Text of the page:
BRAHMS: Hungarian Dances Nos. 1-21
Johannes Brahms was born in Hamburg in North Germany, and his ambition formany years was to return to his native city to occupy some substantial positionin the musical establishment. His childhood had been spent in poverty, and itwas natural that he should wish to be seen to have succeeded in the eyes of hisfellow-citizens. This particular triumph, however, eluded him, and he wasfinally to settle in Vienna, where he became a dominant figure in the musicallife of the imperial capital.
Hamburg is, of course, a world away from Hungary, which formed part of theHapsburg Empire. In 1850, however, Brahms met the Hungarian violinist Remenyi,who introduced him to something to the music of Hungary, and particularly to themusic of the Hungarian gypsies. Brahms and Remenyi toured together in 1853, butthe latter, with an eye to his career, was disappointed by the reaction ofBrahms to the great Hungarian composer Liszt, who held court in Weimar and hadbeen gracious enough to receive them. The two parted company, and Brahms tookadvantage of an invitation from another Hungarian violinist, Joseph Joachim, whowas to continue as a friend and mentor for years.
Brahms continued to show an interest in Hungarian gypsy music, failing, byand large, to distinguish the gypsy from the Magyar. His fascination was shownas early as 1853, the year of his meeting with Robert Schumann, when he wrote aset of variations on a Hungarian theme. His Violin Concerto has a Hungariangypsy turn to its Finale, and he was to set, in 1887, a series of translationsfrom Hungarian in his Gypsy Songs for vocal quartet and piano. The most popularof all works that he wrote in Hungarian style, however, were the HungarianDances, composed originally for piano duet, and appearing in four sets, thefirst two issued in 1869 and the second pair in 1880.
The Hungarian Dances were to win immediate popularity. The piano duet was, inany case, a form much in use, providing a useful element in domesticentertainment, as well as serving a more professional purpose as a means ofperforming transcribed orchestra works. The Hungarian Dances were subject to thecontrary process, and Brahms himself orchestrated the first, third and tenth in1885. The Czech composer Antonin Dvořak,to whom Brahms had given early encouragement, orchestrated the last five, anddid the same for his own piano duet Slavonic Dances. Other arrangements fororchestra were made by the Russo-German composer Paul Juon, the Swedishconductor Hallen, the bandmaster Parlow and others.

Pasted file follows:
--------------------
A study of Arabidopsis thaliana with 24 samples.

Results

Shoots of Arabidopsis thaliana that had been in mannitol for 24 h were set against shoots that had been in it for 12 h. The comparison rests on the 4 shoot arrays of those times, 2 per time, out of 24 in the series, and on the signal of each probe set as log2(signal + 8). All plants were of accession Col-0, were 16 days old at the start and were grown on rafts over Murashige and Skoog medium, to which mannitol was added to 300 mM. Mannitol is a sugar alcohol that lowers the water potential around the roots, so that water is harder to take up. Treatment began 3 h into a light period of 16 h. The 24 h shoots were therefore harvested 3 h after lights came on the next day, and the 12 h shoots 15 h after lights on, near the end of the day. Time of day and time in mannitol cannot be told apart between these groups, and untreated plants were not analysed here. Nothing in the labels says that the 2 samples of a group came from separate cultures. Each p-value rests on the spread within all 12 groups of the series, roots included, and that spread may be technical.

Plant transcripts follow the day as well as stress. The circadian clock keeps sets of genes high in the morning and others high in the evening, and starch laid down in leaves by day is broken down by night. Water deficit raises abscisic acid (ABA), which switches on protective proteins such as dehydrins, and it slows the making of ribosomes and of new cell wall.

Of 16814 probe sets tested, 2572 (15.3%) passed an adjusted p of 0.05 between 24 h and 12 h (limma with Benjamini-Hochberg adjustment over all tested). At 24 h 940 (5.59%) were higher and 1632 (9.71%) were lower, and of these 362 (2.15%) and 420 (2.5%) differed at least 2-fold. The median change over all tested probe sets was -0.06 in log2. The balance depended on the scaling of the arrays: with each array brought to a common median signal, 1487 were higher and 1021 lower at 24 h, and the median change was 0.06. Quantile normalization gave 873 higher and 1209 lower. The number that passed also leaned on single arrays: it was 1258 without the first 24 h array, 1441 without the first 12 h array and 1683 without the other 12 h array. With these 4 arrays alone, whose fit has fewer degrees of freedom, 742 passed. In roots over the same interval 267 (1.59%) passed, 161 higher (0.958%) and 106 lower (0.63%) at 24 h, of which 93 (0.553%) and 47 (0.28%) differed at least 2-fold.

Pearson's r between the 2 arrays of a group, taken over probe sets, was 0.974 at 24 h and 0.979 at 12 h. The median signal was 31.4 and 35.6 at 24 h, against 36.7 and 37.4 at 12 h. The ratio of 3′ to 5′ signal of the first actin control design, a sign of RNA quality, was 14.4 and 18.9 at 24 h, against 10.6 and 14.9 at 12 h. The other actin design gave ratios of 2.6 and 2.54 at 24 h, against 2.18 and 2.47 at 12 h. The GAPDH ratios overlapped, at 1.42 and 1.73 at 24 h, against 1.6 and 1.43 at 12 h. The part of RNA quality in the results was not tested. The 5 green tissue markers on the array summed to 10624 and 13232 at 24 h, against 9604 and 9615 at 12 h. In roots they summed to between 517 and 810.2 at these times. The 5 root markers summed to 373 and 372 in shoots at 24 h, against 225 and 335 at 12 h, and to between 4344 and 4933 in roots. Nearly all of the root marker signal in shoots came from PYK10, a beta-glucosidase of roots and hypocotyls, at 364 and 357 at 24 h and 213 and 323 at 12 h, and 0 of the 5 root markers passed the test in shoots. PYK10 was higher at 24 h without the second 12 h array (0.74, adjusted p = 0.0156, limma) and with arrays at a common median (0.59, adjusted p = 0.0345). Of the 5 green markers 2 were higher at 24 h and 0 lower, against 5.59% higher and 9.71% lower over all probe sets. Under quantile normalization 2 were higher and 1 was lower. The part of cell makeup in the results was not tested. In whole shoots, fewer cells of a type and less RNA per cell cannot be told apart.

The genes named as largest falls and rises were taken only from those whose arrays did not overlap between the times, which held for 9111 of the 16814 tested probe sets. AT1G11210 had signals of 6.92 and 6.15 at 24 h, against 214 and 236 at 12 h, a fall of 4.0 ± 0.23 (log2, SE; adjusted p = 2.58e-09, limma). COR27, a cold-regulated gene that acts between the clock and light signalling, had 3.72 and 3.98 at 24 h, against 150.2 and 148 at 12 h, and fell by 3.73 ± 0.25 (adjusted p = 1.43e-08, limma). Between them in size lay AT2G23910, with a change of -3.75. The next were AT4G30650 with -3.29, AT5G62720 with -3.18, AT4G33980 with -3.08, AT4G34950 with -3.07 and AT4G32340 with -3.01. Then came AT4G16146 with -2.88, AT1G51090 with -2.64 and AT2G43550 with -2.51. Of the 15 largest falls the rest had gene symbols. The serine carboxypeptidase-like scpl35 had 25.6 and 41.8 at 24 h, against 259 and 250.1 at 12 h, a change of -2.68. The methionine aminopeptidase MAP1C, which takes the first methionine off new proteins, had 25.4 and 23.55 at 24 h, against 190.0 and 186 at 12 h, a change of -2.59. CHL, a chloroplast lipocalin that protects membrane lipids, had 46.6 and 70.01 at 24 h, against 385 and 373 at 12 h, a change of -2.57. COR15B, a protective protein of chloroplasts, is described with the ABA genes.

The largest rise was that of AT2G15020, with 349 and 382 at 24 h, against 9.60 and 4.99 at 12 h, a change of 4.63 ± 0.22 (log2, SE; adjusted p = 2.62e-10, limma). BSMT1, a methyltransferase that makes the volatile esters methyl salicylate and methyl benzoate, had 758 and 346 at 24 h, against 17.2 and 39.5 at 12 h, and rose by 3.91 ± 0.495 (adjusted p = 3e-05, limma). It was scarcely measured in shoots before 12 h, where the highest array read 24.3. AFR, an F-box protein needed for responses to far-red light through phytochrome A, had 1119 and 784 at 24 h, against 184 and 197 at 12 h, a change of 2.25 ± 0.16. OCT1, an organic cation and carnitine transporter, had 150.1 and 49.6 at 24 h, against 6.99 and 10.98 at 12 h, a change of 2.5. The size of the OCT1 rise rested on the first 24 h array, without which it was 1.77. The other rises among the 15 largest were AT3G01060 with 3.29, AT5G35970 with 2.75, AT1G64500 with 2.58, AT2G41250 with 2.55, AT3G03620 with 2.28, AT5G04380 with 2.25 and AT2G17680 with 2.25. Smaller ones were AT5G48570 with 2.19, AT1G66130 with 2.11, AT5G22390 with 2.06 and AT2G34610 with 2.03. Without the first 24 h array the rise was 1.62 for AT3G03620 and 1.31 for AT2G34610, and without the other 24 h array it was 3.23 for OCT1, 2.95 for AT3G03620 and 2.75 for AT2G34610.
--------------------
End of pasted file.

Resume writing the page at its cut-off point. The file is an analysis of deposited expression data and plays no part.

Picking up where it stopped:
The dances themselves make use of gypsy melodies, although there are threeoriginal compositions by Brahms, Nos. 11, 14 and 16. In general the later setsissued in 1880 have about them more of Brahms than of Hungary, and, perhaps as aconsequence, were to prove slightly less popular. Within the prevailing idiomthe dances have considerable variety and marked rhythmic interest. It seems thatWagner had the Hungarian Dances partly in his mind when he wrote with his usualacerbity "I know famous composers that you can meet at concert masquerades,one day in the guise of a ballad singer, the next in Handel's Hallelujah wig,another time as a Jewish csardas player, and then again as genuine symphonistsdressed up as number ten". The general public, on the other hand, hasalways taken kindly to the csardas, which, with the similar verbunkos(recruiting dance) were the principal dance melodies that Brahms borrowed.
Budapest Symphony Orchestra
The Budapest Symphony Orchestra, part of the Hungarian Television andBroadcasting Organisation, was established after the Second World War and underits Principal Conductor Gyorgy Lehel has won some distinction. Through itsfrequent broadcasts and its recordings it has become widely known, and its tourshave taken it to the countries of Eastern and Western Europe as well as to theUnited States of America and Canada. The orchestra has worked with some of themost distinguished conductors and soloists of our time.
Istvan Bogar was born in Budapest in 1937 and graduated from the Ferenc LisztAcademyas a composer in 1963, after earlier instrumental studies. In 1968 hebecame deputy editor-in-chief of Editio Musica Budapest and in 1972 he wasappointed to the position of dramaturge for the National Philharmonic. Since1976 he has been musical secretary to the Hungarian State Orchestra, under JanosFerencsik, and since 1983 director of the music ensembles of the HungarianRadio.
In addition to his varied work in musical administration, Bogar has won areputation as a composer and as a conductor, often of his own compositions. Hehas appeared in. recent years with the Budapest Symphony Orchestra and theBudapest Strauss Orchestra, touring Switzerland and France with successfulprogrammes devoted to the work of Johann Strauss. This has resulted ininvitations from Italy, Belgium and England for further tours.